In this article we give share Behind the Scenes: How Comic Books Are Printed and Bound.
If you’re a big comic enthusiast and you’re considering self-publishing your very own comic book, it’s important to learn all there is to know about the comic book printing process. From the ideation stage to holding the printed end result in your hands, we explore every step that goes into creating a comic book.
Table of Contents
Step 1: Pre-Printing
Before you can even think about sending your comic book to the printers, you’ve got to lay a lot of groundwork. This means planning your comic book from start to finish, including the genre, characters and storyline. You’ll need a crystal-clear vision of these elements to write a comic book readers will enjoy.
Once you’ve nailed down these elements, you can get straight into writing the script and breaking down the narrative into panels and pages, which acts as a useful blueprint for your comic book illustrator. If you’re illustrating your own comic book, this stage is the perfect time to sketch out all of your ideas to see what works and what needs tweaking to make sure your story flows in a logical and highly engaging way.
Step 2: Design
Onto step two, the design phase. Comic books come in various sizes and styles, giving you plenty of options to bring your comic book to life on the page. Before your comic book can be printed, you need to let the printer know your specifications, such as:
Quantity and Speed
First, you’ll need to let your chosen comic book printing company know how many copies they should print. Top tip: The more copies you print, the cheaper each one will be! You’ll also need to specify which production speed you require. Most printers offer a standard and express service, allowing you to get hold of your finished comic books quickly if you’re on a tight deadline.
Next, you must let the printers know how big your comic books should be. There are various options to choose from, including the standard 6.625” x 10.25” comic book size. But don’t feel like you have to stick to this—choose whichever size best suits your requirements.
Paper Type and Weight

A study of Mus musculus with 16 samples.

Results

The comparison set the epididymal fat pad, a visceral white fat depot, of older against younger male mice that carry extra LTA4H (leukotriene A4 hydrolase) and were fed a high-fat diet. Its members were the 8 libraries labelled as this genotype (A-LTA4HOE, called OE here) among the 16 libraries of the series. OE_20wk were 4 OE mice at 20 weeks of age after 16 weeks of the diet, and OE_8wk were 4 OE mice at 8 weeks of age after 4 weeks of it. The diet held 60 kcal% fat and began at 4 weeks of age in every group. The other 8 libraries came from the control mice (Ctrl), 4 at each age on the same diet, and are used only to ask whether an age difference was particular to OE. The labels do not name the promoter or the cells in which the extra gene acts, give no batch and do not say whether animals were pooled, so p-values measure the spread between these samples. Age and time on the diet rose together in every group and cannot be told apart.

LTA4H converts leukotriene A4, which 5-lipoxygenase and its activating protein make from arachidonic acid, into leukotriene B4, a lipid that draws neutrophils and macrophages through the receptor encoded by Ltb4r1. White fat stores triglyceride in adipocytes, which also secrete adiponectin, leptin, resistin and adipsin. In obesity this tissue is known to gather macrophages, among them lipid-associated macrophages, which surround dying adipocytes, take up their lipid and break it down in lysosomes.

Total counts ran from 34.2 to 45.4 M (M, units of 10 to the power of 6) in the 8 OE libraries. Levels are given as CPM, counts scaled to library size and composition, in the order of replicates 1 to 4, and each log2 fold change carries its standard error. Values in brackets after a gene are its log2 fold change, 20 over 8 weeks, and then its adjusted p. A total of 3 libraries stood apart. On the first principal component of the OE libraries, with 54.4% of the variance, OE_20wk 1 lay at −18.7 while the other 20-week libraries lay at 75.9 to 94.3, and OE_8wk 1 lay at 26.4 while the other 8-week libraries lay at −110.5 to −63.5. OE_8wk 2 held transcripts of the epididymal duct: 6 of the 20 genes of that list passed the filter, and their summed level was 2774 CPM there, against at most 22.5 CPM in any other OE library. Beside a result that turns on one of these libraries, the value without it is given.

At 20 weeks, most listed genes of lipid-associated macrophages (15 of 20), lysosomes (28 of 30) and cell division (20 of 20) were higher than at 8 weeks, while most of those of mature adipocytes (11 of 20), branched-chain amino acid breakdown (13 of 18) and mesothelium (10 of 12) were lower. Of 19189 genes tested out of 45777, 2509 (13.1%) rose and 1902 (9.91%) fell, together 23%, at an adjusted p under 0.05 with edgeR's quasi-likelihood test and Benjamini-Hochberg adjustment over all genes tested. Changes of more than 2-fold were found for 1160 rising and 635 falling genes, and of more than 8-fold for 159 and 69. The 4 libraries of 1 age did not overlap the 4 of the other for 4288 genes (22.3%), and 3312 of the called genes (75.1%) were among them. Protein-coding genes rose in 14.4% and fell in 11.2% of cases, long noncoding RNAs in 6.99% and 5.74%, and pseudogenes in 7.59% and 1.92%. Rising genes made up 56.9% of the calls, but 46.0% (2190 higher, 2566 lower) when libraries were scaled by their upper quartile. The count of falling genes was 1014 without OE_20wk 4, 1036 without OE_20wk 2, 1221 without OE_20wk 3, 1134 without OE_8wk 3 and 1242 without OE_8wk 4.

Now, it’s time to choose your paper type and weight. Comics are usually printed on uncoated paper but don’t feel like you have to stick to this. Comic book printing services usually offer various paper options, including uncoated, recycled, silk and gloss paper. Regarding paper weight, the best option for comic books usually sits somewhere between 140 GSM and 190 GSM, but it ultimately depends on the paper type you’ve selected.
Larger comic books are usually put together with perfect binding, which provides a secure, professional finish, whereas smaller comic books are usually created with staple binding due to durability and cost-effectiveness.
Finally, you must choose whether your comic book should be printed in colour or grayscale.
Step 3: Writing and Illustrating
Once you’ve made all of your design decisions and are happy with the illustrations (created either by you on a digital art tool or by an experienced comic book illustrator), you should check that both the writing and illustrations are optimised for printing. This includes checking gutters, margins, the number of pages and the text size. For example, if you’ve opted for perfect binding, you need to make sure the page total is a multiple of four. This will ensure everything lines up nicely when it’s folded and stapled.
Step 4: Colouring
One of the big decisions you’ll have to make is whether you want your comic books printed in colour or in black and white. Both options have their merits. For example, popular comics like The Walking Dead and Sin City were mostly printed in black and white, whereas Marvel and DC comics tend to be printed in colour.
Did you know that comics used to be printed using spots of one colour at a time? This was replaced by the Ben-Day dots method, which relies upon small coloured dots (cyan, magenta, yellow and black) spaced and combined to create colours and shading. However, modern comics are usually coloured digitally, using a code related to the four base colours.
The modern-day process involves feeding large pieces of paper between rotating plates that print on both sides simultaneously, resulting in up to eight comic book pages on each side of the large sheet. Each sheet colour is applied individually in four-colour printing, whereas other printing presses use four rotating plates to apply each colour.
Final Thoughts: Behind-the-Scenes of Comic Book Printing
There you have it. A quick look at how comic books go from an idea into printed works. Whether you’re a first-time comic book writer with work ready to publish or you’re only just formulating a comic story idea, it’s important to understand the comic printing process. Happy printing!